Alcoa (AA) kicked off the mid-year earnings season, meeting expectations and lifting the Street’s spirits. Investors next turned their attention to technology, and chip behemoth Intel proved up to the task. In fact, the company reported its best quarter ever. This is a profound statement, since Intel (INTC) has been in existence for over 40 years and serves as a bellwether for the broader technology sector.
Revenues for the June period were $10.8 billion, compared with our estimate of $10.25 billion and the year-earlier tally of just over $8.0 billion. What's more, earnings per share came in at $0.51, versus our $0.43 expectation and last year's $0.07 loss. The Enterprise (corporate sector) was the primary factor behind the strong bottom-line showing, while a richer product mix also contributed.
Moreover, management expects these positive trends to continue. In fact, Intel is now projecting revenues of $11.6 billion (plus or minus $400 million) for the September interim, which is a sharp improvement from last year's $9.4 billion figure. Also, the gross margin is likely to be roughly 67%, which is very solid relative to historical levels. As a result of the recent news, we have boosted our share-net estimates for 2010 and 2011 from $1.85 and $1.95, respectively, to $2.05 and $2.20.
Intel shares have climbed sharply in price, of late. And many other technology names have quickly followed suit, given the company's position as a bellweather for the broader industry. Not only did investors show love to the semiconductor names, such as Advanced Micro Devices (AMD), but the positive trends in hardware spending that Intel recounted pushed shares of PC makers like Hewlett-Packard (HPQ), Dell (DELL), and Cisco Systems (CSCO) higher, as well.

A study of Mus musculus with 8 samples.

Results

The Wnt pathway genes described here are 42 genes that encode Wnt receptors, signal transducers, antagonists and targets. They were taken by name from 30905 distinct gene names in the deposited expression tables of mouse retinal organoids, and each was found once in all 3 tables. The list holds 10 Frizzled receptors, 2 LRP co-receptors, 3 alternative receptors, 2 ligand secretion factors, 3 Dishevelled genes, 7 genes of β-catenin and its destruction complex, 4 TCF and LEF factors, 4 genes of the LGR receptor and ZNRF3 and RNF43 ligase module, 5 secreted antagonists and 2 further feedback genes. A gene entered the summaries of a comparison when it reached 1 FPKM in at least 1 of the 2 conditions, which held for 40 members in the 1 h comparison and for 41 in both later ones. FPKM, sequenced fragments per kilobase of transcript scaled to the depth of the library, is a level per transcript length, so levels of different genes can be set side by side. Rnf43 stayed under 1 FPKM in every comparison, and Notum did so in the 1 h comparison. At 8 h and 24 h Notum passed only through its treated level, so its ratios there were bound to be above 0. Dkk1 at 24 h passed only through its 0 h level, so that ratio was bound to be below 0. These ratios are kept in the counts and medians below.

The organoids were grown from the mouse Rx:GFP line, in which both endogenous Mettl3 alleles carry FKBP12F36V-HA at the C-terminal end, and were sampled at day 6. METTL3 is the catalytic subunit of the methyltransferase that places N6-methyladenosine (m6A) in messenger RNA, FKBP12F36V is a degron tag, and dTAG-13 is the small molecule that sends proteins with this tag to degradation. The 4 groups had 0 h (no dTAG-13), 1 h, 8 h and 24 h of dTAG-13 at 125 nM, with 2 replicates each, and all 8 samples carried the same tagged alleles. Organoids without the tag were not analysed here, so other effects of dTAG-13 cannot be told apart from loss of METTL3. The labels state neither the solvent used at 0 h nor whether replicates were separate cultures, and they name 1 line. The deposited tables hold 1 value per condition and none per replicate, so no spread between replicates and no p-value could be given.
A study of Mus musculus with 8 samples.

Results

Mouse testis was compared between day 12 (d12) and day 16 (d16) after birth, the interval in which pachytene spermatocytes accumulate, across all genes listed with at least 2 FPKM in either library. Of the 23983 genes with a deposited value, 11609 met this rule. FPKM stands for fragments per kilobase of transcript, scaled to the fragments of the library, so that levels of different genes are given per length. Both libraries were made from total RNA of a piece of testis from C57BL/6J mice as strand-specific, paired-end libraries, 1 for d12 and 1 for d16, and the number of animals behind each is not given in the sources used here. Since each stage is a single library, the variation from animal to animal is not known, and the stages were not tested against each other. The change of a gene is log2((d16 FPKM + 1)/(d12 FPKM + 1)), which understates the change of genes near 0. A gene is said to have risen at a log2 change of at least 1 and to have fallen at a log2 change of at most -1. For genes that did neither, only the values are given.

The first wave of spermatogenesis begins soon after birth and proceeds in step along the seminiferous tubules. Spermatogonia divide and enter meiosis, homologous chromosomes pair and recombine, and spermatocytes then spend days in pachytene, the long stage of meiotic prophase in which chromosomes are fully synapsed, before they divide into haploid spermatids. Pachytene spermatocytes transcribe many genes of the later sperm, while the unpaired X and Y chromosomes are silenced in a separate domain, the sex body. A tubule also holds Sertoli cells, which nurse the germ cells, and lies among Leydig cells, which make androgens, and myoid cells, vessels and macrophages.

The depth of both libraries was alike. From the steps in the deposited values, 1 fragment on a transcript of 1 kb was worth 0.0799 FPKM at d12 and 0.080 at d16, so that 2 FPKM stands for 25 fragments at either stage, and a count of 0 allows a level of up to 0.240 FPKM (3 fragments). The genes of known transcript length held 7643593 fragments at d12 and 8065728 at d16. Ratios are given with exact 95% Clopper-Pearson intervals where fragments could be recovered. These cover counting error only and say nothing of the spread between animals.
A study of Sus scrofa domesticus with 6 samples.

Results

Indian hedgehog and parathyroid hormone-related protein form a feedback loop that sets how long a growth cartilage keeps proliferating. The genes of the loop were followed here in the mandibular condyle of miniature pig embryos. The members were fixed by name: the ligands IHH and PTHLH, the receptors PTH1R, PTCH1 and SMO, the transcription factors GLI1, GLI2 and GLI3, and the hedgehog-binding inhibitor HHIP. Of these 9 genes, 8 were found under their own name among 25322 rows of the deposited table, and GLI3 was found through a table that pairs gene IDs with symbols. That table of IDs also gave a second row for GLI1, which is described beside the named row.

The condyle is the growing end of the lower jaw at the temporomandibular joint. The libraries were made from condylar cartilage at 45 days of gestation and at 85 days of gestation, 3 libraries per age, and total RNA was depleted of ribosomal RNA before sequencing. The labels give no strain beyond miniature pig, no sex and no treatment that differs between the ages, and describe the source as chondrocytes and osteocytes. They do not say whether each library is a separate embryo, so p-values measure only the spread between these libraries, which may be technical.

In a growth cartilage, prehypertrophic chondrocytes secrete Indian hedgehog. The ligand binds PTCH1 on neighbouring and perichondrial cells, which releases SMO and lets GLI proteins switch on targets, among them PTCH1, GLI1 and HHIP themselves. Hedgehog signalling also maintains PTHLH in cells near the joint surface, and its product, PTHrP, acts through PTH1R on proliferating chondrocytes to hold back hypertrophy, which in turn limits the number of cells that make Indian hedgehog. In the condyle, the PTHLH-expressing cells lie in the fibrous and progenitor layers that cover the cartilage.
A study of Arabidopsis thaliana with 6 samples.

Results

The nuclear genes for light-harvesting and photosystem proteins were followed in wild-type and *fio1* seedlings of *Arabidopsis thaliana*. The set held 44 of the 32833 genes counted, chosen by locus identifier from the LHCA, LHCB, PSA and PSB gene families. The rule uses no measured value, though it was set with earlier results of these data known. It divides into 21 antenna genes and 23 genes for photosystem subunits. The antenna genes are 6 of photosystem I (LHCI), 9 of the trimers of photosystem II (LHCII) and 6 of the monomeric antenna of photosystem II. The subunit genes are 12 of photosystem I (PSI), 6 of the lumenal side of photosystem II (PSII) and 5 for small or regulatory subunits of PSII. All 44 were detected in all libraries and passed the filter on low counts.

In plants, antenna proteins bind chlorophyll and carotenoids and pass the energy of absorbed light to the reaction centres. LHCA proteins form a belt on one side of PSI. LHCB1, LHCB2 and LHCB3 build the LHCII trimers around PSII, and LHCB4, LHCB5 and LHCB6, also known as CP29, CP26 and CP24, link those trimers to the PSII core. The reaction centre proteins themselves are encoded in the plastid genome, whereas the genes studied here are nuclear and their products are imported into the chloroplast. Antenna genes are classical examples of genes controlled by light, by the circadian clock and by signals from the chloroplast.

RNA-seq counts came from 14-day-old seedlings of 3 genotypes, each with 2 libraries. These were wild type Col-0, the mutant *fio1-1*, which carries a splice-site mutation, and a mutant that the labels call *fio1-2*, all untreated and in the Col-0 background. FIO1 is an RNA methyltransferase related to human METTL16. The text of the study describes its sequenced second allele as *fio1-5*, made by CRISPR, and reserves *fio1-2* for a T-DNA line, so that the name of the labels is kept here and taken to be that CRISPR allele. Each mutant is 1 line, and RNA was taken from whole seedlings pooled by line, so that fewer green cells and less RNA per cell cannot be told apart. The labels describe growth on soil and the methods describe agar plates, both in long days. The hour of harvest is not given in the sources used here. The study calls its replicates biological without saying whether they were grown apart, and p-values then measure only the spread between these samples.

Still, at the current price, Intel stock offers solid capital gains potential over the next 3 to 5 years.
However, there are a few issues to consider for the near term. First, though the global economy appears to be recovering, there are signs that the rebound might not be as strong as was initially expected. Also, management's gross margin guidance of 67% for the September quarter may be a bit optimistic, given recent trends. In addition, if end-market demand sags due to economic concerns, inventory in the distribution channel may become a burden, which has been a key factor behind the semiconductor industry's recent struggles. Finally, a bottom-line setback may cause an elevated level of share-price volatility.
About The Company: Intel Corporation is a leading manufacturer of integrated circuits. In addition to primarily supplying manufacturers of personal computers, the company serves a multitude of other global markets, including communications, industrial automation, military, and other electronic equipment. Intel’s product line consists of microprocessors, with the Pentium series being the most notable. It also manufactures microcontrollers and memory chips, and the company sells computer modules and boards, and network products.